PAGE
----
Glasgow young engineers win Faraday Challenge

Students from Lenzie Academy in Glasgow won the Institution of Engineering and Technology’s national Faraday Challenge

Students from Lenzie Academy in Glasgow have won the Institution of Engineering and Technology’s (IET) Faraday Challenge.

The finals of the engineering competition were held at the Royal Observatory in Edinburgh and challenged teams with designing a prototype that could safely move a new telescope once operational at its home in French Guiana.

The winning team designed a prototype vehicle which swept obstacles out of the way as the telescope moved. Rotating blades would cut encroaching vegetation and pressure sensors would alert the telescope operative to heavier obstacles.

The competition was held in association with James Webb Space Telescope and judged by industry professionals from IET, the European Space Agency (ESA) and the UK Astronomy Technology Centre.

The events aim to encourage more young people to study and consider exciting and rewarding careers in science, technology, engineering and maths (STEM) by using creativity, innovation and problem-solving skills.

It’s given students an insight into the life of a real engineer, the variety a career in engineering can offer and just how exciting and creative engineering really is.
– Natalie Clarke, IET education manager

Five teams made it to the final including Bolsover School from Derbyshire, Castle Court School from Dorset, St Benedict’s Catholic College from Essex and Holy Family Catholic High School from North Yorkshire.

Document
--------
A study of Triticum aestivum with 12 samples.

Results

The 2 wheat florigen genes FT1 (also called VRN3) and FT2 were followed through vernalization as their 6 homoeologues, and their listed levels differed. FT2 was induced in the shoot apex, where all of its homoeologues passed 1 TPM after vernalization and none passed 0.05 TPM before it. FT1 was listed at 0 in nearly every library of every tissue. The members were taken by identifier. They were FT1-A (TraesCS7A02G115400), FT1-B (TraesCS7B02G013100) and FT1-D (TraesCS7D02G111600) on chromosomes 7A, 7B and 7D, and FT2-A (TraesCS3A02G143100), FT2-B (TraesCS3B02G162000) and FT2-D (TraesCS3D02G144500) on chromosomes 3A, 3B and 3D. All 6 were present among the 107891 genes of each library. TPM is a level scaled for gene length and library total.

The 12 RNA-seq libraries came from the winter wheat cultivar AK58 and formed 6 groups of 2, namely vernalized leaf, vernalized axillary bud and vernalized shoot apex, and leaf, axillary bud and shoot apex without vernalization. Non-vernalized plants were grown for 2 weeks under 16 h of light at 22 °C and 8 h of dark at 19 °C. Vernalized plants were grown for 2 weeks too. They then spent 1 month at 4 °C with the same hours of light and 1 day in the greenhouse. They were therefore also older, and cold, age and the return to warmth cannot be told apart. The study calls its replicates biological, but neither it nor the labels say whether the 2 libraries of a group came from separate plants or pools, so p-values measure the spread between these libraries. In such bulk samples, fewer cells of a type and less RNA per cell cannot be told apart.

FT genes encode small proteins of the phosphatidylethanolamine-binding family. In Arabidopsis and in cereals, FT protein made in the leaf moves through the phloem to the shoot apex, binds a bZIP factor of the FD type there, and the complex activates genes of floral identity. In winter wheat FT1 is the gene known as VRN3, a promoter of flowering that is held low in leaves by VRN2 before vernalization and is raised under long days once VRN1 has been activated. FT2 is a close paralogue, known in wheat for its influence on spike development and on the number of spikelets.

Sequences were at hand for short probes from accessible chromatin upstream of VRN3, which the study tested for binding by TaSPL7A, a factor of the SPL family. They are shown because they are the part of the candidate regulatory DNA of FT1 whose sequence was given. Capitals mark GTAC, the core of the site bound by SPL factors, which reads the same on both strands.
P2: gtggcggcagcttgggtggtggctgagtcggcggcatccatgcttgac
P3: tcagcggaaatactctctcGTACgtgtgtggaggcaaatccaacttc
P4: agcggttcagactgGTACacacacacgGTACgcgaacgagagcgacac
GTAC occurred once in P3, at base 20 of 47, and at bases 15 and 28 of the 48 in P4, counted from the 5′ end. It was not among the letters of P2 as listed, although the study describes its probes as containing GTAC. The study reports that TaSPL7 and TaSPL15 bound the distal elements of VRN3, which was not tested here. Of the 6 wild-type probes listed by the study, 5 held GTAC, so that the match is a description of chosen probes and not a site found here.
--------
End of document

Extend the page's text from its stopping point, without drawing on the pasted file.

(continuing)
A total of 189 regional Faraday Challenge days took place across the UK to find the finalists of the 2018-19 competition.

Natalie Clerke, IET Faraday education manager, said: “Students who took part in the Faraday Challenge Days this year have experienced working as an engineer through hands-on and practical engagement with real-life challenges relating to the James Webb Space Telescope.

“There is huge demand for new engineers and technicians and we’re confident that this challenge has helped to change young people’s perceptions of engineers and inspire the next generation. It’s given students an insight into the life of a real engineer, the variety a career in engineering can offer and just how exciting and creative engineering really is.”

For more information on the IET and its initiatives to promote STEM subjects and careers in the classroom, visit the their dedicated websites for secondary and primary schools.